I am traveling and would like to take frozen chestnuts on a trip about 11 hours long. They will thaw and not be cooked for a week so is it safe to re freeze them after the trip?
Hopefully someone with stronger background in Food Safe can chime in here, I'm just working from experience and traditional based knowledge. I would love to hear what modern science has to say on the topic.
Are you thawing raw chestnuts then cooking them then freezing them again? Or thawing from cooked, keeping out for a week then refreezing?
For the latter I would say most probably not safe. Protein and starches can grow some pretty nasty invisible beasties once they have been cooked, and freezing doesn't kill much of them, just slows down their growth. Having cooked chestnuts out of the freezer for a week, then refreeze would make me uncomfortable (and I eat miso paste that is two years past it's best before date).
Raw chestnuts on the other hand, I would personally feel comfortable thawing them, keeping them out for a week, then cooking them just (ie a couple of days) before refreezing.
I don't know what cooking resources you have on your trip, but perhaps something can be made from the excess of chestnuts?
I think what you are saying is taking raw, frozen chestnuts and then re-freezing when you arrive and then cooking a week later. It may affect the texture, but there isn't a safety issue to re-freezing them that I know of.
I just noticed they are cooked and frozen. Again, while the texture may be affected, I think safety wise, it's fine.
foodsafety.gov's general advice about vegetables is that if they've been briefly defrosted but kept cold, you can refreeze them safely, expecting possible texture changes. Once they've spent more than 6 hours above 40°F, they recommend tossing.
That sounds right to me. I know with a lot of starchy foods, like rice, pasta, chestnuts (which are considered a high starch food like potatos http://ucfoodsafety.ucdavis.edu/files/44384.pdf), there are some pretty nasty things that wake up when the food has been cooked and are not killed by reheating/freezing. In Traditional cultures, these foods can be stored at room temperature for long periods of time (like years) safely, however it usually requires addition of enzymes (like are found in fermented foods). Using rice as an example, traditional cultures would use koji mold for long term (more than a month, upto 10 years) fermenting/storage of cooked rice, or umeboshi (pickled plum) for short term (24 hours) room temp storage. See this BBC article for an introduction on high-starch food safety issues: http://www.bbc.com/news/magazine-25154046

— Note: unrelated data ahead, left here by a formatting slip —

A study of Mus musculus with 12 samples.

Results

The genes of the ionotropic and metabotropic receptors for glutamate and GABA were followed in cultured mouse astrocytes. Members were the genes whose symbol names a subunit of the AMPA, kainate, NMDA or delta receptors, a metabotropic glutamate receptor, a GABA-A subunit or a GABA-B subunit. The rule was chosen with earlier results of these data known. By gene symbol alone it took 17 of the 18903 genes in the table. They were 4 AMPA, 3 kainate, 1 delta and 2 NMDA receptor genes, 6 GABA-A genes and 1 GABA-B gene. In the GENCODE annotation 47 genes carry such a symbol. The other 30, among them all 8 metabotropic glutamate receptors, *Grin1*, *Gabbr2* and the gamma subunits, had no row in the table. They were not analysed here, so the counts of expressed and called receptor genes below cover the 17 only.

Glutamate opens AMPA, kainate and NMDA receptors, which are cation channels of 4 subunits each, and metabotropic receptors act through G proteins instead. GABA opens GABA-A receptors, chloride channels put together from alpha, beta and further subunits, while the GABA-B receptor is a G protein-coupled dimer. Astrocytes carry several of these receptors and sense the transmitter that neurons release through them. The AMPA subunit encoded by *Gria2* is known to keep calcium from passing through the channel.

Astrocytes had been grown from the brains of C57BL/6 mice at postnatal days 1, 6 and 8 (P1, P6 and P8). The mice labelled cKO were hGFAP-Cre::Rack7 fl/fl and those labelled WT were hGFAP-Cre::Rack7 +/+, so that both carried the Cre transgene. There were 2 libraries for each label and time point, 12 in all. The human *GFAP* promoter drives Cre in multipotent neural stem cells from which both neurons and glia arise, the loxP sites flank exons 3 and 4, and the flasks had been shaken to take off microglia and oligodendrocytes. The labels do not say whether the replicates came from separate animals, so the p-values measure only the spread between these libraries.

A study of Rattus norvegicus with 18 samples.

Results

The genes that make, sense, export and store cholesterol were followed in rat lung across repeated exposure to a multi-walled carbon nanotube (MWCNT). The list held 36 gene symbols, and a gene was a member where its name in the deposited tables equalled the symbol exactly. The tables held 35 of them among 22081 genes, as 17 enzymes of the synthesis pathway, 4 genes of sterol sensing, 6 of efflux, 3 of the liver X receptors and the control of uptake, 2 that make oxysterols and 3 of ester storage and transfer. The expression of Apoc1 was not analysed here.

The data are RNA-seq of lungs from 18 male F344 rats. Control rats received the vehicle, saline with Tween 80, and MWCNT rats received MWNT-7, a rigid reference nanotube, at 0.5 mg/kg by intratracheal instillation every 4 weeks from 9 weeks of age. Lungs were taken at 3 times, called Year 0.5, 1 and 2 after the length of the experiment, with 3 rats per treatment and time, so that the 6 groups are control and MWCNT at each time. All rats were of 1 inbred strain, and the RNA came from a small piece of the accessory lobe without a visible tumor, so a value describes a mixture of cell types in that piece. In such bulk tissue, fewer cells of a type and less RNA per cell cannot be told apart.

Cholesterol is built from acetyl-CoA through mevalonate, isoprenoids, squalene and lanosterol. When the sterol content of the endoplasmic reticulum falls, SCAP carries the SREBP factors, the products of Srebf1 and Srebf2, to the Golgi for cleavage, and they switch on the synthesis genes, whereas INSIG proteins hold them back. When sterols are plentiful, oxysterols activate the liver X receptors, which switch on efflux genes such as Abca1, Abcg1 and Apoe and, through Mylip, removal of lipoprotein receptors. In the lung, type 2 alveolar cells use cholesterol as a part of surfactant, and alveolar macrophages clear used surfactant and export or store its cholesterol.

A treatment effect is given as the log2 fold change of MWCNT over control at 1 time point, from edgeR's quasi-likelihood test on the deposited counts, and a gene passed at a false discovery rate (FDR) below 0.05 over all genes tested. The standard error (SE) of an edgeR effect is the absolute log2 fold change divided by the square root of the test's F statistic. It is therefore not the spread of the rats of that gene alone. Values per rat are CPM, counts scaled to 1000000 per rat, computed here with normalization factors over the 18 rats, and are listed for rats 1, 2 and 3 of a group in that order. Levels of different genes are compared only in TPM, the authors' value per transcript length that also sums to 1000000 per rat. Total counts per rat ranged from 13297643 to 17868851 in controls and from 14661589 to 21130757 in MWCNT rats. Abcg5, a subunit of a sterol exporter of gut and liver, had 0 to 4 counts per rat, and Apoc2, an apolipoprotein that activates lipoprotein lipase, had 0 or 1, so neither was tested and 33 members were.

In my experience on the farm, chestnuts are the fastest spoiling and most sensitive of all nuts. They go moldy or rancid if you look at them wrong, especially once out of their spiky cloak (chestnuts grow in clusters within a spiniferous sphere). But then again, that's home handled nuts. I forgot to ask the OP if these were commercially prepared chestnuts.
Commercially prepared chestnuts are often treated with gasses (which may or may not need to be labeled, depending on where you are in the world, but most places not as the gas is considered 'used up' in the processing). These gasses can arrest many bacteria and molds that would otherwise have a field day on cooked chestnuts.
Then again, most cooked chestnut packages I've seen say 'eat within 24 hours after opening/thawing, or store in fridge up to 3 days' (paraphrased).
In conclusion, there are food safety issues here which are good to be aware of. But how serious these issues are? I'm not qualified to say.
I have re-frozen uncooked, peeled chestnuts before that my family had picked up fresh from the farm and peeled it ourselves. It's not as fresh and there are organoleptic differences (as expected) such as being a little drier than before, but in terms of safety uncooked ones should be okay. I'm not too sure about the cooked ones though...
I want to thank each responder to my question about chestnuts. I have the already peeled and cooked chestnuts frozen for a trip across the country by plane. If they go in a suitcase that is checked and put in the luggage compartment perhaps they will remain frozen. I am nervous about them going rancid or getting people Ill though so I guess I will search for fresh ones when I land.
Why not put them in a small cooler inside your checked luggage. My husband used to do that to haul frozen foods from WI to NJ and they always frozen. I don't think I would do this if it was summer or you were traveling to or from somewhere really warm, but if you are going from one relatively cold place to another during the winter you should be fine.